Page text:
Mulching leaves & restoring abandoned lawn
I moved into a new home this summer that had sat empty for a long time. While the lawn was merely mowed every so often but was never given any care outside of that. There is grass growing in the lawn, but it is not very thick, and I am looking to thicken it up and make it look fuller.
At my old home, the lawn thrived by me just simply mulching the leaves in the winter, and applying lime about once a month or so. At that house, I had two maple trees in the yard, and the grass received plenty of sunlight. At this house, there are 8 trees in the 1/2 acre yard...mostly oaks and pines, but there's one maple. The yard is shaded for most of the day by these trees.
With the significantly higher amount of leaves that are falling, would it be too much leaf mulch than the yard could absorb? Also, Is it the pine tree droppings that turn the soil acidic? If so, that means I will need more lime, or I should just be more diligent in picking up the pine needles. How does the regular tree debris effect the fertilizer I should put down. Just looking for any thoughts on this topic. I'm not looking for putting green perfect lawn, but just want something that's a little thicker, greener and nicer looking than what's there.
This picture is from the Real estate ad taken early last spring. It's a little forward in the front yard, and doesn't show the two pines or the oak, but you can see the spots between the two bushes and under the picture window where the grass is a bit sparse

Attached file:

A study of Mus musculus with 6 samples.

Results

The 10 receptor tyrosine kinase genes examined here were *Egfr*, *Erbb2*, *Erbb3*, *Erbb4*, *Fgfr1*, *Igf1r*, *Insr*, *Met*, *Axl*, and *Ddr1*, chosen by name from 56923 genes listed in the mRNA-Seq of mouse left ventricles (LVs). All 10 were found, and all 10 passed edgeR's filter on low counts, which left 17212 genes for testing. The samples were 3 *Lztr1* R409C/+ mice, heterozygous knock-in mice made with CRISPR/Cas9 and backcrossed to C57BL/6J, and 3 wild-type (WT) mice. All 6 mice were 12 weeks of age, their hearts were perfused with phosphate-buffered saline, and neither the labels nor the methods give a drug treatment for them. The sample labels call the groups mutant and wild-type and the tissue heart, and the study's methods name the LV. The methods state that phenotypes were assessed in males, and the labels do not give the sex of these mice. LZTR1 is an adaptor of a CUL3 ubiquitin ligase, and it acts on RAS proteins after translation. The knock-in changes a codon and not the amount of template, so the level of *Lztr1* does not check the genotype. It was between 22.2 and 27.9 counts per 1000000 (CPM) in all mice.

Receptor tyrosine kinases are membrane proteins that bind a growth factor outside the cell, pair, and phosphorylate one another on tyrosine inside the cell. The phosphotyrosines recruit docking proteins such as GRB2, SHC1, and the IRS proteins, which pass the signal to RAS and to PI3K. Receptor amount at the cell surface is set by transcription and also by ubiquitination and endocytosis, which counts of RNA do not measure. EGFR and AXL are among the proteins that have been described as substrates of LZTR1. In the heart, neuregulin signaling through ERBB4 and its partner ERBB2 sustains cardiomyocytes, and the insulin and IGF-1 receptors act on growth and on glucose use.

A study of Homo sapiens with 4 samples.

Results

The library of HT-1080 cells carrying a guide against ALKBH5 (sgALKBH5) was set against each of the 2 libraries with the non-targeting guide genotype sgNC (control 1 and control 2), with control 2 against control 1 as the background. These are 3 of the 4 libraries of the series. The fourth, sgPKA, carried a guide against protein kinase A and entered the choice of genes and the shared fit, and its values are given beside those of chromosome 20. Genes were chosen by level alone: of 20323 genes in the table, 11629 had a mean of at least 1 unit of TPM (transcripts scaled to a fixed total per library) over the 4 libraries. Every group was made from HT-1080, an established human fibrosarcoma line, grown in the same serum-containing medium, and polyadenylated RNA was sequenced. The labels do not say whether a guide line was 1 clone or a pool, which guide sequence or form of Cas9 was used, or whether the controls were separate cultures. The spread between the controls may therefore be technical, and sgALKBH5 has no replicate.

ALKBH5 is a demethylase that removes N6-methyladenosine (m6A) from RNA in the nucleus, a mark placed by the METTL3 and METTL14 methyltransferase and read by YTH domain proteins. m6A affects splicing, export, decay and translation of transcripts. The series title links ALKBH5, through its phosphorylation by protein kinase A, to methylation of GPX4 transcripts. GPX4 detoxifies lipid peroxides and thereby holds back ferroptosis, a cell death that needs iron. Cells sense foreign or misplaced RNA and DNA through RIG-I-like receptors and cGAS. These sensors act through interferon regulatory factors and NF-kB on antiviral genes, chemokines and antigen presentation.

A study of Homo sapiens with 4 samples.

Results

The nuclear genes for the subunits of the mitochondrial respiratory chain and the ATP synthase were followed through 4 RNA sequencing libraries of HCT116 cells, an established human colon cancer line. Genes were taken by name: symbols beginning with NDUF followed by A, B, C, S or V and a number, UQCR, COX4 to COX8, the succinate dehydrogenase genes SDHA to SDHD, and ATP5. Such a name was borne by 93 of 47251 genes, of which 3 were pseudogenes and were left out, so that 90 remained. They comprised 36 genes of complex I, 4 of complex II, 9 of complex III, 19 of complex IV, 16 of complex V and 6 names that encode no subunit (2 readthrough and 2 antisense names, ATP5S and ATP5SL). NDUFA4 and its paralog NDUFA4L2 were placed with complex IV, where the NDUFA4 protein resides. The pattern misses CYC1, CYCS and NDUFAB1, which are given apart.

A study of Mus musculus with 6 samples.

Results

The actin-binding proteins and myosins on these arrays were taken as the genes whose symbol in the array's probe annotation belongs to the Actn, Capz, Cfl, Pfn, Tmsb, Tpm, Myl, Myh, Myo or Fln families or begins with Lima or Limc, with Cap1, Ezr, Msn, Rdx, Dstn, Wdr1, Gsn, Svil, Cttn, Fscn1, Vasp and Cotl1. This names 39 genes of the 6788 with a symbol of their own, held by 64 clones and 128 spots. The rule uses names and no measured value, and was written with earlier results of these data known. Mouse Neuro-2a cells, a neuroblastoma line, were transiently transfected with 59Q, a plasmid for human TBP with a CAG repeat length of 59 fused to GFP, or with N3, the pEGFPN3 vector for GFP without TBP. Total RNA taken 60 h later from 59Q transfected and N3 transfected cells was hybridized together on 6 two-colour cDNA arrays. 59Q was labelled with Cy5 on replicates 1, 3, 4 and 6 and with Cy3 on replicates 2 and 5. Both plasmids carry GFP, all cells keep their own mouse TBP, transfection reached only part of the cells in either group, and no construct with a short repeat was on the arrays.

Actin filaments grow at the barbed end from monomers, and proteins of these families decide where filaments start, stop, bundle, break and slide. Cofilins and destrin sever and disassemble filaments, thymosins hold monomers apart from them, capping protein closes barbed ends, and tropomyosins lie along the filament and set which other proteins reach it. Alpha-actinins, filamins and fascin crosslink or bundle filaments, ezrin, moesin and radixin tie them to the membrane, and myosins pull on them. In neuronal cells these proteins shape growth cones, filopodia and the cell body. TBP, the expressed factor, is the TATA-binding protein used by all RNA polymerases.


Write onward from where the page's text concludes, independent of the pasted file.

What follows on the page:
I'd have the soild tested and let it tell you what it needs.
Both oak leaves and pine needles do not make good mulch.
A great web site to check out is the Scott's web site.
Definitely get a soil test before just tossing lime at your situation. The lab results will also indicate deficient nutrients. Tests are not expensive and in fact some states' ag or university extension offices do them for free.
Joe is right. Oak leaves and pine needles are slow to break down. And pines can really toss the Ph off so I think a pine needle rake is in your future. You could compost the leaves and needles but be sure to add appropriate green matter too. And check the Ph before returning it to the garden.
The process of decompisition---as in breaking down mulched leaves---does require nitrogen and it will take it from your regular feedings so in cases where you are mulching lots of leaves, you may have to beef up the nitrogen content in your lawn fertilizer.
There is not much for you to do this late in the year unless you can turn around the soil test in real time and add whatever to balance Ph. You might as well wait now for spring to put the lawn on a regular feeding schedule. The Scotts program is expensive but is fairly easy to follow.
You may want to think about overseeding in the spring as well.
As you stare out over the front lawn this winter, also think about how much turf you really want to maintain. You can add color, texture and depth to your landscape with carefully chosen groundcovers that might do better under trees than turf. Maintenance will be lower as well.
The gardener I once consulted said that lawns don't do well when there is too much tree cover. I think that's the problem here.
Lawns need lot of uninterrupted sunlight. We have loads of trees all over our small yard and very little grass :-(. I don't want to take down the beautiful big trees for a bit of lawn, so have resigned myself to the situation. I have lots of potted plants to compensate. We rotate the pots around the yard to make it greener and prettier. Moving them around gives them enough sunlight to thrive too.
A horticulturist acquaintance of a friend of mine had mentioned once long ago that there are certain types of lawn which don't need as much sunlight and also tolerate tree cover well. Need to get hold of that person to find out more details.
Maybe you should explore that option. Ask at your nursery or professional lawn laying service if it is available in your area.